Federalism and Judicial Review

First of all, apologies for my silence in the last 10 days. I have a partial excuse in that I gave a guest-lecture in Fabien Gélinas’ constitutional law class at McGill last Thursday, about the Rule of Law and the legitimacy of the judges’ law-creating activity, which of course had me freaking-out to prepare. But it went well―the students, with just a month of law school under their belts, deserve a lot of credit for understanding the material which was quite difficult―and I have no excuses any more, and I plan to resume a more normal blogging pace now.

There’s no shortage of material either, but I start off with more shameless self-promotion. I just posted a new draft paper, “Federalism and Democracy: A Defence of Federalism-Based Judicial Review“, on SSRN.  It is a response to critiques of judicial enforcement of constitutional divisions of power between federations and sub-federal units, such as ss. 91/92 of the Constitution Act, 1867. Although such criticism is seldom heard in Canada, it is common enough, at least in the legal academia, in the United States, and it is also an implication, albeit an unexplored one, of the general critiques of judicial review, such as that of Jeremy Waldron.

Here is the abstract:

Not only critics of judicial review of legislation, but sometimes even those who support its use to protect the rights of individuals or minorities are critical of judicial review on federalism grounds. I want to argue that they are mistaken. When it is used to protect a federal division of powers, judicial review of legislation is not only counter-majoritarian, but also pro-majoritarian.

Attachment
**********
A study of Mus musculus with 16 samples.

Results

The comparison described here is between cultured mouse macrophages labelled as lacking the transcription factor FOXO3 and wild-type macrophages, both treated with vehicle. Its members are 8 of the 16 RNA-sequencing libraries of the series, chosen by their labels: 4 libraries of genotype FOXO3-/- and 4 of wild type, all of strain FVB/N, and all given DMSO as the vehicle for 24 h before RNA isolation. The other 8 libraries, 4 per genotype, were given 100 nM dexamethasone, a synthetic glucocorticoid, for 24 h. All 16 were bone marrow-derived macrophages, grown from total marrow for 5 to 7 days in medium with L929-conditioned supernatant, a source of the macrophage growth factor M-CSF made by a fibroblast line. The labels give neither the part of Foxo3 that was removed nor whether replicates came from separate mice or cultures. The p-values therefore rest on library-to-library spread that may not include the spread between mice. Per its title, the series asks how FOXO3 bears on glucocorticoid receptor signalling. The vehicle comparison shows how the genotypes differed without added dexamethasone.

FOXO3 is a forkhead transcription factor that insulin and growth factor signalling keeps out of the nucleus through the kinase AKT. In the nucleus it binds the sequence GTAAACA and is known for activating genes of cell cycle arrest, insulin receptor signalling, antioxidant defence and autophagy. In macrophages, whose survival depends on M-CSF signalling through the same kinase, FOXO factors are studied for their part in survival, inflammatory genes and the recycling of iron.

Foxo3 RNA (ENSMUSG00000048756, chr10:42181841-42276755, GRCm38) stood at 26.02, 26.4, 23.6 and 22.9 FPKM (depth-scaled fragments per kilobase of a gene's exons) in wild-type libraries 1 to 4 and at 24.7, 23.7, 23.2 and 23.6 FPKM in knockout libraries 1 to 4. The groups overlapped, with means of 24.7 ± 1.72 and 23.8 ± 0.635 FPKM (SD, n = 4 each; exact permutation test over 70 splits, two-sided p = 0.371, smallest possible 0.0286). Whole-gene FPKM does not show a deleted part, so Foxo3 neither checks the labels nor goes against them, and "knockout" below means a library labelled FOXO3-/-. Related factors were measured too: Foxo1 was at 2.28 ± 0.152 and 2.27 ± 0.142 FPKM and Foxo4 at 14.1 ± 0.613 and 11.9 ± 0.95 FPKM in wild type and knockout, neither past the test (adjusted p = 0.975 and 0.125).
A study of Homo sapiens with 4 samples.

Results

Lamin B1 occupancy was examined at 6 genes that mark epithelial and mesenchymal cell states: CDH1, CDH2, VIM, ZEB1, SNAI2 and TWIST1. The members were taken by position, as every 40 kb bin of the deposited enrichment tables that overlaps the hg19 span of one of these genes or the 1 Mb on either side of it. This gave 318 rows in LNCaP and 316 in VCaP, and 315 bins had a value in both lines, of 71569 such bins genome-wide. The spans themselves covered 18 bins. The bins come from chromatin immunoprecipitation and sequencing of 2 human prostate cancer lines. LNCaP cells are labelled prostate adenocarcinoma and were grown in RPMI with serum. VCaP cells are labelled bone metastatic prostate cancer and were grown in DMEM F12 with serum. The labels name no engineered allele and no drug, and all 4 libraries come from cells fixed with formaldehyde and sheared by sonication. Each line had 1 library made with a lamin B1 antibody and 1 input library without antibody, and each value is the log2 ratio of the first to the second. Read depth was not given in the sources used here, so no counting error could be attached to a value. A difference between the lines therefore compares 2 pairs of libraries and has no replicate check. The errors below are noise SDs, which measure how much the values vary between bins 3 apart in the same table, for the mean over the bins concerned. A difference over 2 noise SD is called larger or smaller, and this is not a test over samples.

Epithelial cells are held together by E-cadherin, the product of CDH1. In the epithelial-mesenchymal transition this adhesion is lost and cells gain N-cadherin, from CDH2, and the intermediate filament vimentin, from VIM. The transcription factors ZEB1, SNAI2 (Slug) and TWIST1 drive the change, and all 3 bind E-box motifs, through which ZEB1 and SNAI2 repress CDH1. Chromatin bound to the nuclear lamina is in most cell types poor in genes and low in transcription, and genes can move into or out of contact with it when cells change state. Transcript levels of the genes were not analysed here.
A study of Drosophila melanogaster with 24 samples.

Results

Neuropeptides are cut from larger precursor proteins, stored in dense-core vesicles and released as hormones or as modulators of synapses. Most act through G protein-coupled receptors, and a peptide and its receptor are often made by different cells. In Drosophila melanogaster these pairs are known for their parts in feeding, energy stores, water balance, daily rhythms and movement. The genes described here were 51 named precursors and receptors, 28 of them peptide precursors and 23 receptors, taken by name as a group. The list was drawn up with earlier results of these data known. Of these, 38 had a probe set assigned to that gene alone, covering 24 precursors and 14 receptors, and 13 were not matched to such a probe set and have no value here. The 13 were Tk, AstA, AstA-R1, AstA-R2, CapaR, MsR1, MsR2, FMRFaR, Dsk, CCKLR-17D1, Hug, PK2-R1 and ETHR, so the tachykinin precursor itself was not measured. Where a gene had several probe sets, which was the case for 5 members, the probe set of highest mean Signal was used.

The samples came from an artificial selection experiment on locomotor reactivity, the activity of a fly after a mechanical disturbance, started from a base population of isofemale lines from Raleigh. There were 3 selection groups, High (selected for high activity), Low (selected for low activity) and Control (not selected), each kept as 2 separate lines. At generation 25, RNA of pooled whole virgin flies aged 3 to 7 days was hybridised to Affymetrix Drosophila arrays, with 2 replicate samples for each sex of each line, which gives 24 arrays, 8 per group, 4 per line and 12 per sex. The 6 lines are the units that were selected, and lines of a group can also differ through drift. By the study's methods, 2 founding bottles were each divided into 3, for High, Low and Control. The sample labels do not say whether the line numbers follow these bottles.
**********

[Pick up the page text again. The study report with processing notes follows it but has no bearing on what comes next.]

In a federation, democracy happens at more than one level, a democratic federal legislature and democratic state legislatures. Thus, insisting that issues of federalism must be resolved democratically obscures the fact that, in a federation, there are different decision-makers with different constituencies and democratic claims of equal strength. To allow one of these decision-makers to impose its understanding of federalism on the other is no less undemocratic than to subject it to judicial review.

“Political safeguards of federalism” cannot resolve this problem, because they are either ineffective at giving states a voice in federal legislation or, if effective, they allow states to override the views of the national majority. Judicial review is the best practical solution for settling disputes about federalism. From a democratic standpoint, it is not a mere loss, but an important investment.

I will present it at the Third Annual Constitutional Law Colloquium at the Loyola University of Chicago School of Law in early November, and then revising it before, I hope submitting it for publication. So comments are more than welcome.